Lessons from my children

I was rustling through some files today and found my Toastmasters speech number 3. The original title was: Enduring life lessons from my children, and it made me smile.

This got some help from different sources, and this version is slightly modified…

Enjoy….!

I’ll like to begin my speech today with a little conversation between an adult and a child taken from the book Jane Eyre by Charlotte Bronte:

Adult: “No sight so sad as that of a naughty child,” he began, “especially a naughty little girl. Do you know where the wicked go after death?”

Child: “They go to hell,” answered the child

Adult: “And what is hell? Can you tell me that?”

Child: “A pit full of fire.”

Adult: “And would you like to fall into that pit and burn there forever?”

Child: “No, sir.”

Adult: “So, what must you do to avoid this?”

The child deliberated for a moment and then answered quite convincingly: “I must keep in good health and not die.”

Such, is the innocence of a child!

Childhood is the world of magic: all things are new and fresh and astonishing. But beware! Childhood is over the moment things are no longer astonishing. When the world gives you a feeling of “déjà vu,” when you become used to existence, then…my friend, you become an adult – Eugene Ionesco

But you can still learn many things from children. Have you ever noticed a child completely engrossed in something? They have this unusual ability to combine business with pleasure so to speak, they can be serious about what they’re doing without taking it too seriously. You can do the same with your life. You can make every day more fulfilling by devoting the required attention to the things you do without necessarily taking it ‘too seriously’.

Now let’s see if we can apply some of the lessons of childhood to our adult lives.

Our number one lesson today is…

1. CURIOSITY – For a child, there’s only one way to find out how something works – Break it apart! COMPLETELY! The good news is, this is still good advice whenever we’re faced with a complex problem, or project. Just break it down! Giving a speech seems daunting, so give the vote of thanks or do table topics; writing a book seems daunting, so start by writing an essay. If an essay is too much, then start by writing a paragraph. The important thing is to break it to pieces, and attack it piece by piece. This agrees completely with the principle of thinking big and starting small. Once you have attempted something, it is easier to judge what needs to be done, and your ability to do it better. It’s also much easier to improve something that already exists than to work on one that doesn’t.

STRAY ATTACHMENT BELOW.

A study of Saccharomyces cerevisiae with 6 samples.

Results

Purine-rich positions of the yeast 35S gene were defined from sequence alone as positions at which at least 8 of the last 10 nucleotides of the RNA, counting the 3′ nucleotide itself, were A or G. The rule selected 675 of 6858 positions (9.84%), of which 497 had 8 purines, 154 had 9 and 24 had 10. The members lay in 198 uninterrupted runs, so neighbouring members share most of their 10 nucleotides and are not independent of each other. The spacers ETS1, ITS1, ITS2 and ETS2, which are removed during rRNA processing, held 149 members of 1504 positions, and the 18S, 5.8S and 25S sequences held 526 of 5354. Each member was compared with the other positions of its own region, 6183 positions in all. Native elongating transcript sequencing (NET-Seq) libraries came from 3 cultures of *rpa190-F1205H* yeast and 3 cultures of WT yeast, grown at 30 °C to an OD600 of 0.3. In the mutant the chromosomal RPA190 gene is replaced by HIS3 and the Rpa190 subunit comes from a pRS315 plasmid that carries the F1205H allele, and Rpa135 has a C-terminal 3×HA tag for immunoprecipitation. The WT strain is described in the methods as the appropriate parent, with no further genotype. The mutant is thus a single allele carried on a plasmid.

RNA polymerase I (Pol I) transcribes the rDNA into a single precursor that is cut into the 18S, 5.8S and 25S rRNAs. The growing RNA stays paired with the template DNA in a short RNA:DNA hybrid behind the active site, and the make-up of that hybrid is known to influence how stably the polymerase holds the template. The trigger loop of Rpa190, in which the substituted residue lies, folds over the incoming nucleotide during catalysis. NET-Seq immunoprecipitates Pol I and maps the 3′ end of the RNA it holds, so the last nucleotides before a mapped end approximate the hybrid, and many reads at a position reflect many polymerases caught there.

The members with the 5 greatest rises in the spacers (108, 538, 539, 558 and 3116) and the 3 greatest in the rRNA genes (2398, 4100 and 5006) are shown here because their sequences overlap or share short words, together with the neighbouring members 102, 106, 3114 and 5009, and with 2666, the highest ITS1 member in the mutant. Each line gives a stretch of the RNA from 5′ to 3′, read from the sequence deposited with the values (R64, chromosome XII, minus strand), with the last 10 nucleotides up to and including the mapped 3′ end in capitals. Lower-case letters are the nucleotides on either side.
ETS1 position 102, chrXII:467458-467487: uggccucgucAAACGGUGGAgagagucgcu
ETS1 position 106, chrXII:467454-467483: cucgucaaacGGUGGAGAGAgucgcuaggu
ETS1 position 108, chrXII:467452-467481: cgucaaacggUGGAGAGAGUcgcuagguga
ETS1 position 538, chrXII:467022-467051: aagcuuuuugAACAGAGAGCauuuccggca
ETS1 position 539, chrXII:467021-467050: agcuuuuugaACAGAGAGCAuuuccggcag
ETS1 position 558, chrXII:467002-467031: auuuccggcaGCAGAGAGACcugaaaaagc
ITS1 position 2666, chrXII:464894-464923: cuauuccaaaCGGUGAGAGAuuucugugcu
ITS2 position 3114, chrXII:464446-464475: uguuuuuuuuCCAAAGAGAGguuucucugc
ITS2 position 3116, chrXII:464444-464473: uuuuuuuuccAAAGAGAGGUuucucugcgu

2. QUESTIONS: In the past few weeks, I have read so much about the importance of questions. It’s been said that the quality of your questions will determine the quality of your life. Questions are the answers!

Just watch the children. Asking questions is how they figure things out. Lots and lots of questions. Mummy, what are you doing? Why? Are we going with you? Why?

Children ask anything that comes to mind, and they never relent until they get an answer. Our brains are wired to be curious. As we grow up and “mature” many of us stifle our natural curiosity. Let yourself be curious! Wonder to yourself about why things are happening. Ask someone who knows. The best way to exercise our curiosity is by asking “Why?” Make it a new habit to ask “why?” several times a day. You will be amazed at how many opportunities and solutions show up in your life.

Next is…

3. MODERATION. My 2-year old daughter knows too well that too much of anything will give you tummy ache. And when she has had her fill, she will declare: “Mummy, I’m okay. See! My tummy is big!”

Those who over-exercise will burn out. Those who don’t will become obese. Okay, fat is a milder word. A boy who studies all the time has no friends. Another who only makes friends fails his exams. Extremity often leads to pain. Moderation is the key to living life the way it is meant to be lived.

Lesson number 4 is about…

4. FRIENDSHIP – My older daughter, who is about three and half declares that her sister is her best friend! And she makes me jealous of her loyalty to her little best friend. You dare not offer her anything, if you didn’t have one for her friend. And if you choose to punish one, get ready to punish both. So, my advice to you is to try to be the friend you were when you were three and half: fun-loving and loyal, with no strings attached. The famous saying that “a friend in need is a friend indeed” tells us half the story of loyalty. A friend in triumph may be even harder to find. Loyal friends not only lend a hand when you’re in need; they applaud your successes and cheer you along without envy when you prosper. Will you be that loyal friend?

Finally, when you act more like a child, you tend to live more in the present rather than worry about the past or the future. And this makes the world open up to you, and you start enjoying every bit of it again. Do you know what the real trouble with the world is? Well Walt Disney provides an answer – Too many people grow up! That’s the real trouble with the world.

The Toastmaster!

N.B: Found this in my archives. Was written in 2013. But the lessons are way still valid….

Don’t forget to share! Hearty Cheers!